The best way to copy Wendy's marketing success: don't. Find your own brand voice, sharpen it up, and be willing to get controversial.
— Erika Adams
Last year, it was #NuggsForCarter. This year, it was the mixtape that Wendy’s dropped on Spotify. The fast food giant has clocked in billions of media impressions for its clear and controversial brand positioning across all advertising platforms, and the social media and marketing team behind the brand voice continue to rack up industry recognition for their work.
Speaking at an Advertising Week conference held recently in New York, Wendy’s chief concept and marketing officer, Kurt Kane, explained that Wendy’s marketing success comes from clearing the path for the company’s core social media team, both employed at the brand and at VML (the outside ad agency that works with Wendy’s) to act on their own instincts.
“Nobody approves anything except for the team that’s tweeting or posting, and that’s intentional,” Kane said. “We’ve got people we trust, they know the brand. Everybody gets hyper-grounded on what the brand is so everybody knows the brand inside and out and the voice. If we tried to approve all of these tweets, we’d never get them out.”
Of course, the team doesn’t get it right every time. When that happens, they regroup on the lines that didn’t go over as well and talk through what could have been done better, but Kane explained that it was important to do that regrouping after the fact. Nobody’s pouring over and pre-approving tweets before they’re sent out.
Trust in the Team
Another crucial piece to create the right environment for success: Wendy’s CEO, Todd Penegor, doesn’t lay into the team when something goes wrong.
“One time we went way too far, accidentally, and I popped into his office — it was right on the heels of one that took off in a very positive way and then within 24 hours it flipped back around on us — and one day I was in his office saying, ‘Hey, you’re going to hear a bunch of great news, this all took off,'” Kane said. “The next day I was in his office and I was like, ‘So, this went the other way on us.’ And he had the exact same expression both times: he was like, ‘Ok, well, you guys will deal with it, thanks.’ That’s how much room and flexibility we have and how much confidence he has as a leader to be able to empower this group to go do this work.”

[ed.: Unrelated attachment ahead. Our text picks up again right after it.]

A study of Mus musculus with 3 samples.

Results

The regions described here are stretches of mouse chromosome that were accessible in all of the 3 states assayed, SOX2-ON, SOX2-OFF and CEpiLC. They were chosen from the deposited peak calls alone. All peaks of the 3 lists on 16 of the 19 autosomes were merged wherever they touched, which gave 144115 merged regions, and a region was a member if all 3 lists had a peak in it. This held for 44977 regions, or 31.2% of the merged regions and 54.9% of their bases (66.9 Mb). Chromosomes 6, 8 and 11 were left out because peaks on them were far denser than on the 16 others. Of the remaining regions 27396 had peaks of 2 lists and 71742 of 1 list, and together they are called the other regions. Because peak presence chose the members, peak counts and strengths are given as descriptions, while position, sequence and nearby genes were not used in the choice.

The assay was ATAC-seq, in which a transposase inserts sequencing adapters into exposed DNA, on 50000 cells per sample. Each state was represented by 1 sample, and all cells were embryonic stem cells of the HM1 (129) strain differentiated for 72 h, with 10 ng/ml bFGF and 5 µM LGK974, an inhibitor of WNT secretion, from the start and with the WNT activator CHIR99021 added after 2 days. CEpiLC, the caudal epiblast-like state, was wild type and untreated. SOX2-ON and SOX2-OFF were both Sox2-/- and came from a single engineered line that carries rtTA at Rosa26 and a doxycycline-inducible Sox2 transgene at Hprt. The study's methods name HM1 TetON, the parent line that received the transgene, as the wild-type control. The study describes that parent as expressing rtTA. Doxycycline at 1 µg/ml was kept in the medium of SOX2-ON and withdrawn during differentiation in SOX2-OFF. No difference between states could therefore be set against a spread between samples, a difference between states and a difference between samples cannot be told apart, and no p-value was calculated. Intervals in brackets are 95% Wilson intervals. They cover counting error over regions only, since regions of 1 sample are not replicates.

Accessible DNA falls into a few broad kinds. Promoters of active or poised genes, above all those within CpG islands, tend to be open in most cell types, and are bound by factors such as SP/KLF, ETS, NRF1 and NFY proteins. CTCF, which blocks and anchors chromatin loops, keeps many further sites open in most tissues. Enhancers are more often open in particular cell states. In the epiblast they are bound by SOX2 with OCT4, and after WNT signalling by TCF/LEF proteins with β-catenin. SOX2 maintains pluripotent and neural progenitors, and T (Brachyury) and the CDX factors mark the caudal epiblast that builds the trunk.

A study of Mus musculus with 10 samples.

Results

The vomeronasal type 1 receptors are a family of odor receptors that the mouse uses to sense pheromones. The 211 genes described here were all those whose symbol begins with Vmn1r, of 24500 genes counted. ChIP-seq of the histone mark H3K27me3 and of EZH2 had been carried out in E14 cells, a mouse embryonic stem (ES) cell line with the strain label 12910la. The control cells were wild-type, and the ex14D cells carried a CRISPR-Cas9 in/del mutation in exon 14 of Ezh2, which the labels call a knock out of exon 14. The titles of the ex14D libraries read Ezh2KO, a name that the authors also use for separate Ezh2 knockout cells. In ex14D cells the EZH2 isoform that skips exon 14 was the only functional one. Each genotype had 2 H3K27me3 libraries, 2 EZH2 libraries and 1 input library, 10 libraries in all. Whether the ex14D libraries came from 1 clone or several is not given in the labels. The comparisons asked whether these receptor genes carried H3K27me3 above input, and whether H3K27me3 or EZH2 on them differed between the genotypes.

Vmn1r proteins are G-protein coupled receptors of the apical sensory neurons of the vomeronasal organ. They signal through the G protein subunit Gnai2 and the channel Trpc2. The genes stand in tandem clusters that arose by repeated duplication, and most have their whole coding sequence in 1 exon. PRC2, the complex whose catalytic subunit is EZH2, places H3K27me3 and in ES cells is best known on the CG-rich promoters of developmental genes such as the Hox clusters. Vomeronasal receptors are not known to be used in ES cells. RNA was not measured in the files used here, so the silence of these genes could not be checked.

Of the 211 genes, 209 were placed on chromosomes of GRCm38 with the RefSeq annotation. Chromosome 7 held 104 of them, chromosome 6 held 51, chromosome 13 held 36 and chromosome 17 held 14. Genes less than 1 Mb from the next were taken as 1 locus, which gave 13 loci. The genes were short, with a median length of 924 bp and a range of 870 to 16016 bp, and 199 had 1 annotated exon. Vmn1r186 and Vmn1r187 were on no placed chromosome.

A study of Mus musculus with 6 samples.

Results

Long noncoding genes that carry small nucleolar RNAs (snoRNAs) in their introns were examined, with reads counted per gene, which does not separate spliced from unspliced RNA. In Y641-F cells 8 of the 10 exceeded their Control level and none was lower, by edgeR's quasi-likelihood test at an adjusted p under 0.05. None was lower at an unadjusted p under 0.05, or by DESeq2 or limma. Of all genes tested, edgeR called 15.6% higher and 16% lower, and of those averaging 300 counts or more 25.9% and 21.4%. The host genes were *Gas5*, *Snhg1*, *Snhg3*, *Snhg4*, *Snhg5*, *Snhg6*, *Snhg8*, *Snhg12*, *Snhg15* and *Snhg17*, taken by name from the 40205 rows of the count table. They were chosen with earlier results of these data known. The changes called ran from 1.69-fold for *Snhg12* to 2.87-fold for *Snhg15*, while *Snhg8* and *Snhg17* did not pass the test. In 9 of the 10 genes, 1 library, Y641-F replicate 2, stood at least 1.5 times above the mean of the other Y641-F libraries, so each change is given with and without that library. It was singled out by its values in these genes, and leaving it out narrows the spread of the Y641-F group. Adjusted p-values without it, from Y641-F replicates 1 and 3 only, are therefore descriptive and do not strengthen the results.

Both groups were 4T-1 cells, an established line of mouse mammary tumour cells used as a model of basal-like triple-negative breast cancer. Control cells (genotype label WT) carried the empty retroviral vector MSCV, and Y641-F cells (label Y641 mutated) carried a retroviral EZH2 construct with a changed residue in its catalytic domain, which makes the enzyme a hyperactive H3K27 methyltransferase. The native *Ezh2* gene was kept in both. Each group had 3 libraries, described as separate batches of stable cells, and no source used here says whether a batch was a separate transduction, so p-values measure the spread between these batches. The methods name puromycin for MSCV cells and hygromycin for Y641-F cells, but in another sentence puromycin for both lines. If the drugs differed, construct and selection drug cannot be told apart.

Measuring the Impact
When it comes to measuring the business impact of having a strong brand voice on social media, Kane said that he isn’t watching returns on a day-to-day basis. But still, the team has had an impact. Kane mentioned a Wendy’s pop-up in the U.K. (where the company has no permanent locations yet) that was flooded with people who had become familiar with the brand because of its social media stunts.
As Wendy’s honed its brand voice on social media, more people started talking about Wendy’s social media presence than its broadcast advertising, where Wendy’s spends the majority of its annual marketing budget. In response, Kane and his team retooled the broadcast ads to feature the same controversial voice that brings in those billions of media impressions on Twitter.
“I don’t think there’s a secret to [the success],” Kane said. “I think the heart of it is, fall in love with your brand. Get to know your brand better than anyone else. […] Know your brand positioning, and have a point of view on that positioning.”